Even though we are now just one week away from the Ohio State Buckeyes taking the field for the first time in 2017, it is difficult to move past 2016 just yet.
Given the offensive struggles last season even though they weren’t exactly expected, it’s only natural to worry the same may be possible this year. One of the areas of greatest concern from those outside of the program is the receiving corps.
According to receivers coach Zach Smith, however, it wasn’t just a receiver problem, it was an offense problem. A problem that he insists has been resolved.
“They underperformed like the whole offense did,” he said of his receivers last year. “The offense was out of sync. I don’t think any position group played well at all, to be honest with you, and that’s on us as a coaching staff. There’s games where we played really well, like Nebraska and some other games, and there’s games where we just didn’t play great.
“I think it was just a little dysfunction all together. One player doesn’t make a catch, one player doesn’t make a throw, one player doesn’t make a block, and it just kind of feeds off each other. It just wasn’t a great culture, and I think that’s the biggest thing you see right now is a different culture on offense. Whether it’s the wideouts, running backs, tight ends, whatever, it doesn’t matter. It’s just a different culture offensively.”
Holmes, Sweet Holmes
Senior defensive end Jalyn Holmes has yet to start a game as an Ohio State Buckeye, but he is still considered a starter. As part of Larry Johnson’s four-man rotation at defensive end, Holmes played as much as “technical starters” Sam Hubbard and Tyquan Lewis last season.
Without starting a game, or having a last name like “Bosa” to garner attention, Holmes flies under the radar for most people, but he shouldn’t.
“He brings a lot,” Larry Johnson said. “First of all, Jalyn’s very talented. You watch the video tape from last year, you saw him do things that you go ‘Wow!’
“He’s just kind of overlooked and they worry about other guys. He did some things really well for us last season. He can rush the passer, he’s got combination of speed and power, he can play inside and play the run. So he’s just an ideal guy. And at 275, he can jump inside and play three technique.”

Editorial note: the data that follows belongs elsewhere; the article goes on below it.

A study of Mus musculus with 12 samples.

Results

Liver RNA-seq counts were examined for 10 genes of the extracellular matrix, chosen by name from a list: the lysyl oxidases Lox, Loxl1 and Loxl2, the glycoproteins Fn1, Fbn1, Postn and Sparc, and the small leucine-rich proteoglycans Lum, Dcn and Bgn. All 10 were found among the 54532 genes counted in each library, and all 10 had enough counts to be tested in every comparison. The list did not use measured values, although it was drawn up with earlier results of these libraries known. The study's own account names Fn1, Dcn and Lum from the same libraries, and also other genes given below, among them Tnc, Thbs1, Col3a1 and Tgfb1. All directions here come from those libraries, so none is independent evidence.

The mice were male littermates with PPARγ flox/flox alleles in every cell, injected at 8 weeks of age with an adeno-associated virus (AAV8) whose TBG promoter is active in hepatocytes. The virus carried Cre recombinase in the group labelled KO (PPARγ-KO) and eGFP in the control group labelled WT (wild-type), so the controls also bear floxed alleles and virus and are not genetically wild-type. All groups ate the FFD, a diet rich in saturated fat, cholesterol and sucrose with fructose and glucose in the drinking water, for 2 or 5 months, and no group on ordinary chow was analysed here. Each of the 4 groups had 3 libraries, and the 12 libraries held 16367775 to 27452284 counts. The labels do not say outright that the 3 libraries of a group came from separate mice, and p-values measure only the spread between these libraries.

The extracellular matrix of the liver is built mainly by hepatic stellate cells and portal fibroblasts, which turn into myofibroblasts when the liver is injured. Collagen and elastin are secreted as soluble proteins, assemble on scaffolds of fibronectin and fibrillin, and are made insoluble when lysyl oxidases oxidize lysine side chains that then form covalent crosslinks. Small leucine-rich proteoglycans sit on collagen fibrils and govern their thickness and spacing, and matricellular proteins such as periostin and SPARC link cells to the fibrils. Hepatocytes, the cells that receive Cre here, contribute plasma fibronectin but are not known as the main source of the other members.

Pure Football Speed
Ohio State had a pretty productive rotation at cornerback last year as well. Like with the starters at defensive end, cornerback starters Gareon Conley and Marshon Lattimore received more attention than Denzel Ward, who was the third man in the rotation.
As cornerbacks coach Kerry Coombs has said repeatedly, he would have never put Ward on the field if he wasn’t as good as Conley or Lattimore.
Ward is finally starting to get some of the attention that he deserved last season. For the most part, though, the topic usually centers around Ward’s speed. He is arguably the fastest Buckeye on the team.
Just how fast is he?
“He’s really fast,” Coombs said. “I mean he’s ridiculously fast. Gareon was the fastest guy of the four first rounders on-the-field play, but he didn’t run the fastest 40 times at the Combine. So, I don’t really put a lot of stock in that, I don’t know how all of that works.
“I know this — Gareon — and the best evidence is when you are the ‘5’ on kickoff. You find out who that guy is and they close to the ball. You see some electric things. So Gareon was, Denzel was. That’s kind of the progression of guys at that position. But Denzel is incredibly fast. He might be the fastest one of all of them. I don’t know how to measure that.”
Quarterback Conveyor Belt
With quarterback Joe Burrow’s injury, the talk of transferring from fans and media didn’t take long to begin. The thought being that if you’re out of the race for an extended period of time, you’re never going to be able to catch back up. And once you are passed by, it’s time to move on.
That it will actually happen is very doubtful, but there is no doubt that quarterbacks are just different than every other position when it comes to transferring. Only one quarterback can play at a time, so if a guy is stuck behind a starter with multiple years of eligibility remaining, it’s almost assumed that he’ll be transferring.
That same thought process also has people wondering how a school can keep landing talented quarterbacks every year. At some level, they have to know that there’s a pretty good chance that they aren’t going to be able to win the job. So how is Ohio State able to sign Joe Burrow, Dwayne Haskins, and Tate Martell in consecutive classes, and then have 5-star 2018 prospect Emory Jones looking to do the same?
“I think it’s like that at every position here,” quarterbacks coach Ryan Day said. “When you’re playing for the national championship and you’re competing at the highest level, that’s what young men want to be a part of. We don’t make any promises. When you come to Ohio State you get a chance to compete with three or four other quarterbacks in the room. Guys want to be part of national championship drives and be developed at the highest level, so that’s why they continue to come.”